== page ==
15 May 2018–Record cold temperatures during the winter of 2014 in the Midwestern United States froze large parts of the Great Lakes—and inadvertently offered seismologists a chance to learn more about the seismic signals created by the lakes’ wind-driven waves.
The deep freeze stilled the waves and created a period of seismic “silence” that U.S. Geological Survey seismologist Rob Anthony and others compared to previous and subsequent unfrozen years to uncover the lakes’ unique seismic signals, called lake microseisms.
These seismic signals could be detected as far as 300 kilometers away from the Lakes, he noted, south to Kentucky and as far west as parts of the Dakotas.
Now that these lake microseisms can be identified and measured, operators of seismic networks can take steps to mitigate the impact these signals may have on the detection of earthquakes, Anthony said. But they may also prove useful in helping to image the Earth’s subsurface, and in monitoring shoreline erosion, he noted in a talk at the 2018 SSA Annual Meeting.
Oceans produce seismic signatures—generated from waves hitting the shore and from interacting with other waves which create pressure variations in the water column which pump the ocean floor—that have been used by seismologists to study similar phenomena. “In the absence of earthquakes, if you look at the background signature of seismic activity happening anywhere on Earth, the largest seismic signals arise from ocean waves,” said Anthony, who began looking for similar signals generated by large lakes.
When Anthony and his colleagues began combing through the seismic records from stations around the Great Lakes, “I noticed that the signal just completely went away in 2014, and I recalled that the media was talking about a polar vortex during this time period,” he said. “So I went back to Great Lakes ice coverage records and found that in the wake of the polar vortex, the lakes had reached the highest extent of ice coverage since 1979.”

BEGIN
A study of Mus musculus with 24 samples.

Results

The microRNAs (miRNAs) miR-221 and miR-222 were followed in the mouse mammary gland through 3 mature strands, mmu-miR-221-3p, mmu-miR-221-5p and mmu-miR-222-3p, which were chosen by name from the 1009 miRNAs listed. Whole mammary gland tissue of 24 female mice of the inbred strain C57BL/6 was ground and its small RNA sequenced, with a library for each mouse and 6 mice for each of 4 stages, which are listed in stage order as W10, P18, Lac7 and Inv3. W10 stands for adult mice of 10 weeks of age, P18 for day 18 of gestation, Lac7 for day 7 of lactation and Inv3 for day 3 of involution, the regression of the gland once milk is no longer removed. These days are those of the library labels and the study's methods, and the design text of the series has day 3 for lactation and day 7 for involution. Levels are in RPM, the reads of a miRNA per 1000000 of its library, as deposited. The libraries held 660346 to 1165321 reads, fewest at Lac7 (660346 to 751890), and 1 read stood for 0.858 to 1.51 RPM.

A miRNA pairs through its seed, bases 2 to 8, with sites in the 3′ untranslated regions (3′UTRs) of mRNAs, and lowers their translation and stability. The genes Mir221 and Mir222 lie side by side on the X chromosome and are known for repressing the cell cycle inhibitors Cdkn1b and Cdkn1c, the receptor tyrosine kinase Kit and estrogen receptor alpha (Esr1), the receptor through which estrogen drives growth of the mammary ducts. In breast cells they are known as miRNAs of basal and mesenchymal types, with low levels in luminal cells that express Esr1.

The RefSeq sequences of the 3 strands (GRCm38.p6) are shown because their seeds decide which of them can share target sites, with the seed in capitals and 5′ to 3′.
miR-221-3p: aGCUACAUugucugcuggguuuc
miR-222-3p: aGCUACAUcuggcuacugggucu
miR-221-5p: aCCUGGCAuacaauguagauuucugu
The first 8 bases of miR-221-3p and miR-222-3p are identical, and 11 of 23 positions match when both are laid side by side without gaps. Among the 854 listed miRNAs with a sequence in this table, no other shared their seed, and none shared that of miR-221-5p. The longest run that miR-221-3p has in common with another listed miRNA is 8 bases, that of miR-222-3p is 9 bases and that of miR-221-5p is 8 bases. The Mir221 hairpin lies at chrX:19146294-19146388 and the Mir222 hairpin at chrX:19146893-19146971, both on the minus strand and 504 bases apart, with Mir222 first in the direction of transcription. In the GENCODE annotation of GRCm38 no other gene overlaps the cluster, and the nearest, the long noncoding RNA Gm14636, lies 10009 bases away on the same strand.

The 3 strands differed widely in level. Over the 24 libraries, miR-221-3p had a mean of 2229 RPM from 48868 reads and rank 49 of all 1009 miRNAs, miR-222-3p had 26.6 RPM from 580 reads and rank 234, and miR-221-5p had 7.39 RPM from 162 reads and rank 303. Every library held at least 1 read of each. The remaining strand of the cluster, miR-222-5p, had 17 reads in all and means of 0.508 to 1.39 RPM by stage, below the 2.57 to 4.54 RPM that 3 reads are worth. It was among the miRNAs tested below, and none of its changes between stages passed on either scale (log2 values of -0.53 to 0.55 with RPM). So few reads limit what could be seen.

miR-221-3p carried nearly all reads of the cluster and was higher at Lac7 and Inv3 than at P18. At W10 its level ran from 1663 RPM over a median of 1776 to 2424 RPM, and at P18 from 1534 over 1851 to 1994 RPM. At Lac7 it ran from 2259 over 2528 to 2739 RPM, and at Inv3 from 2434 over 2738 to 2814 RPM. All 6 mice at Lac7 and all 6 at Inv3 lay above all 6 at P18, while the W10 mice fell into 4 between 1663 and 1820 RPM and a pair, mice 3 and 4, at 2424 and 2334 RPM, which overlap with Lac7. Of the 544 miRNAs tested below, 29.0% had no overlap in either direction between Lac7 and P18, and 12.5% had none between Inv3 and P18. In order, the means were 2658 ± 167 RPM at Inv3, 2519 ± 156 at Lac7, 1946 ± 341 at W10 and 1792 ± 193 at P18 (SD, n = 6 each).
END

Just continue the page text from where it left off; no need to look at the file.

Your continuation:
The freeze coincided with a time of dense seismic station coverage in the region, courtesy of the U.S. Transportable Array of temporary seismic stations, which made it easier to pinpoint changes in the lake’s seismic signature.
The lake microseisms occur at shorter periods than ocean microseisms, peaking at about every one to two seconds—which could be a hindrance to detecting and characterizing earthquakes, said Anthony. “Historically, seismologists have been quite interested in observations at about the one-second period, and a lot of earthquake metrics such as estimating magnitude from body waves are based on energies at about a one-second period.”
Like ocean microseisms, lake microseisms can be used as a sort of “CAT scan” to visualize the Earth’s subsurface structure. “And the shorter period of this lake signal compared to an ocean microseism, which is usually used in ambient seismic imaging, could give you higher-resolution images,” said Anthony.
Another higher frequency signal detected by the researchers, coming at about .2 seconds, may be tracking waves hitting the lake shore. If confirmed, these signals could be useful in tracking shore erosion over time, Anthony said.
He and his colleagues are continuing to study lake microseisms in places like Canada where large lakes may offer similar opportunities to compare frozen and non-frozen periods. They think that wind coupling with the surface of the lake to make waves produces the one-to-two second peak, but they hope to learn more about the exact physical mechanisms behind the signal.
The research team published a paper in March in Geophysical Research Letters that discusses the Great Lake results.